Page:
I dreamt I was going down a ski slope. It looked tricky, but to my surprise I found it quite easy, I had the ability to do it, and I could see I was going to make it on to the flat section ahead. I am coping, I feel OK right now, I need to remember I have the ability to cope and that I am doing so. I was even enjoying the downhill skiing.
I gradually built up a regime which I’m sure helped me through the chemo. I’m including it here in case it’s of use to anyone, but stress these were just my personal choices.
- Vitamins D and K (supportive of chemotherapy)
- Slippery elm regularly, to aid the digestive system, including putting a paste of it in the mouth last thing at night, to help prevent mouth ulcers
- Psyllium husks to aid digestion
- A good mouthwash – not chlorhexidine as this destroys ‘good’ bacteria too, and a soft toothbrush to prevent mouth damage
- Colloidal silver to protect from infections
- Vitamin C only in moderation, as it can interfere with chemo uptake
- Pau d’arco tea, soothing for the stomach
- Dandelion coffee, liver-cleansing
- Magnesium citrate
- No caffeine
- Fresh vegetable juices
- High calorie build-up drinks (not from a packet)
- Maitake tablets
- Homeopathic remedy
- Organic food
- Something to eat in the night to keep the calories up
- Castor oil body packs
- Soothing teas such as chamomile
- Regularly moisturising feet and hands as chemo makes them very dry.
- Milk thistle
- No yeast in food if possible, to stave off thrush from chemo
- An acid-free diet if possible
- Omega oil
- Linseed oil
- Iscador (a homeopathic remedy – I asked for a referral through my GP)
[Many of these supplements are available directly from Cygnus – Click Here to see the full range]
Most of this was just to support the physical body. I knew that my thoughts and inner being needed even more attention. And this is what my time with cancer has been all about. Pat Pilkington, co-founder of BCHC, uses the ‘Hero’s journey’ of myth as an archetype or metaphor for the cancer experience:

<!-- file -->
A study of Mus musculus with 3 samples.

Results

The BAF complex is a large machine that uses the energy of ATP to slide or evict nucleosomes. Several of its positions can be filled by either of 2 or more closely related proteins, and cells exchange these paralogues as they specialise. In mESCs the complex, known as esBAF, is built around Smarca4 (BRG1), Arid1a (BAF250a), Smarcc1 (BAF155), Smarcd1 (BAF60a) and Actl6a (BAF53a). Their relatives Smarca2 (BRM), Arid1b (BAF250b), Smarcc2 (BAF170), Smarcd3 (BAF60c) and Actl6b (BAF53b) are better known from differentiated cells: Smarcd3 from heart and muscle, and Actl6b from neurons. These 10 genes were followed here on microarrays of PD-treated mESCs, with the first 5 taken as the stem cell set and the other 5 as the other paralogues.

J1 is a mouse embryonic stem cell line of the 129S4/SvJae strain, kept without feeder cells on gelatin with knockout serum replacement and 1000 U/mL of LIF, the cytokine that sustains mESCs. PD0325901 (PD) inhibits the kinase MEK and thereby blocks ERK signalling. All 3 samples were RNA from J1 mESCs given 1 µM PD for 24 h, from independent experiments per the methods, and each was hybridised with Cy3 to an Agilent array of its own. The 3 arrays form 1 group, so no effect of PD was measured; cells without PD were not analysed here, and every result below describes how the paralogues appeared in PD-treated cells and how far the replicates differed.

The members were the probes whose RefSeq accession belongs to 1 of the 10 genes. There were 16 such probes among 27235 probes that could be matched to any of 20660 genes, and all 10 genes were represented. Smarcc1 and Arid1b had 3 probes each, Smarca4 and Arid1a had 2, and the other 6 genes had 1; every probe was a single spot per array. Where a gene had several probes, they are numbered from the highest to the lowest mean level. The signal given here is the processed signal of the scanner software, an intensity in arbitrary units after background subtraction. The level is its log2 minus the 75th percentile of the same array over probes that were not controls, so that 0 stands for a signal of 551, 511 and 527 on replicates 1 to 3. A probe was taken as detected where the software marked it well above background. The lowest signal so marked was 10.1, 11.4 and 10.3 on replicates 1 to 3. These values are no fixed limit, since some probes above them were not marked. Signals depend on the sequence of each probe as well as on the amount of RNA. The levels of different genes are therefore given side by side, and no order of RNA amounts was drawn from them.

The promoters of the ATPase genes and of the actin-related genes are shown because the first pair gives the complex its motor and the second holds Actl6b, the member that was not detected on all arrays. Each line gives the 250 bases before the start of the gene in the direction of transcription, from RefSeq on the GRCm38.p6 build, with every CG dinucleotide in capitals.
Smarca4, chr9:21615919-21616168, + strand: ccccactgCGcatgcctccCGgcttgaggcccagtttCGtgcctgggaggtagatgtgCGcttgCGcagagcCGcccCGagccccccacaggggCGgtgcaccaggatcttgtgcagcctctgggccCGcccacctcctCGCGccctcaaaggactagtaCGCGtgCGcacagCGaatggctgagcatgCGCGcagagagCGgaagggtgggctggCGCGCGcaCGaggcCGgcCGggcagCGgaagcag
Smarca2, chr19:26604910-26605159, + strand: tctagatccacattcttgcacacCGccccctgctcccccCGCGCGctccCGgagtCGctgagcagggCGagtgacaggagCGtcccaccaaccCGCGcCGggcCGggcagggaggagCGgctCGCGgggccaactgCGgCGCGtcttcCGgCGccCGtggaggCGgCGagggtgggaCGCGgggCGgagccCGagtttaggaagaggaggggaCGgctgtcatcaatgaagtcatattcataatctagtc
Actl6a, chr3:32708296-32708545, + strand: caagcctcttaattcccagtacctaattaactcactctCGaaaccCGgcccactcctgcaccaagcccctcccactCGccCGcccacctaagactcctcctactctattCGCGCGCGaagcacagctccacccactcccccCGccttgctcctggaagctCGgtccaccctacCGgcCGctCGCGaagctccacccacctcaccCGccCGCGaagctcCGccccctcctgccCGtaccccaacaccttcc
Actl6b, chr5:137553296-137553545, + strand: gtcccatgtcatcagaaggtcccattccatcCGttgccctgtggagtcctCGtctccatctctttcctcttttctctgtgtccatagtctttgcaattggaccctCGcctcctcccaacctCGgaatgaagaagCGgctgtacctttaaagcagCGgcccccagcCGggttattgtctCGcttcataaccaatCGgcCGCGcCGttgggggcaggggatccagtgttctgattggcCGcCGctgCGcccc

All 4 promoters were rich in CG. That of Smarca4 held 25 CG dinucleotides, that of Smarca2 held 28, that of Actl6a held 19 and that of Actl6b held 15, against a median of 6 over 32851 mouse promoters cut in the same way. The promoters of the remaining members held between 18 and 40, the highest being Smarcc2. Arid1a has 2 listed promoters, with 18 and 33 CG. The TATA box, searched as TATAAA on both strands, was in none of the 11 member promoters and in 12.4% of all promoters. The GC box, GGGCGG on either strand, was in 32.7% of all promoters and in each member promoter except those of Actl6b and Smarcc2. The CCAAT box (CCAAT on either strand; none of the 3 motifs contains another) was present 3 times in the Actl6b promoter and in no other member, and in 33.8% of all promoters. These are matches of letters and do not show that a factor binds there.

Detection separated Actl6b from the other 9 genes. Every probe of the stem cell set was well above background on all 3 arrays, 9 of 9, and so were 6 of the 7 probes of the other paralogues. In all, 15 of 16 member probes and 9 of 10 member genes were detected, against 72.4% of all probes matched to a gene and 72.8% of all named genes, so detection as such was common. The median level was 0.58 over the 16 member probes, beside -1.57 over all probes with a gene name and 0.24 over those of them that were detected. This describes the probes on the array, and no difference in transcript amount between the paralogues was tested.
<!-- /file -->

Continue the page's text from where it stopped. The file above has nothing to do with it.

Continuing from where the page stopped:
The Hero leaves all that is familiar, comfortable and companionable, and in the dark before dawn, rises alone and sets off to journey to the far country. It takes consummate courage and faith to face the ‘dragon Fear’ and rescue the ‘Maiden’: the true Self. The Hero returns, changed by the experience.
My body has suddenly become quite strange and alien to me, as though it’s not really mine. Will it suddenly get an infection from some small thing it would previously have shrugged off, what’s this tiny ache I would previously have ignored? So… it’s time to befriend it. To own it. And in particular to acknowledge it for the fantastic job it’s done all my life, and still now. Thank you, lovely body. Let me know what you need. I’ll love you, not be scared of you.
Living in a glass box
That’s what having chemo is like. I could see life going on all around me, people going about their normal business as though they would live forever. ‘Normal’ for me now was feeling more and more tired, spending a lot of time resting in bed. I could be doing something very ordinary, taking it for granted, when the un-ordinariness of it all would suddenly hit me. It was as though I had indeed walked into a glass wall, had smacked up against the realisation that nothing was the same any more. That I was probably dying. Maybe quite soon.
But I still went to every chemo session reciting to myself, ‘Chemo is my loving healer. It destroys all cancer in my body, and nothing else. I am healthy, fit, happy and healed.’ And I gave my body that message first thing every morning.
At the still point, there the dance is,
But neither arrest nor movement. And do not
call it fixity,
Where past and future are gathered. Neither
movement from nor towards,
Neither ascent nor decline. Except for the
point, the still point,
There would be no dance, and there is only
– Four Quartets: TS Eliot
From Dancing With Cancer by Diana Brueton © 2014, published in the UK by John Hunt Publishing.
Cygnus Code: 240314
DANCING WITH CANCER
by Diana Brueton
Looking into the deep azure blue of the Mediterranean, Diana Brueton wondered if she would be granted enough time to write this book. Having just been diagnosed with cancer, her life was turned upside down and she felt as if it had been taken out of her control. How she took back control of her life, wrote her book, and mastered the devastation of cancer, is her story.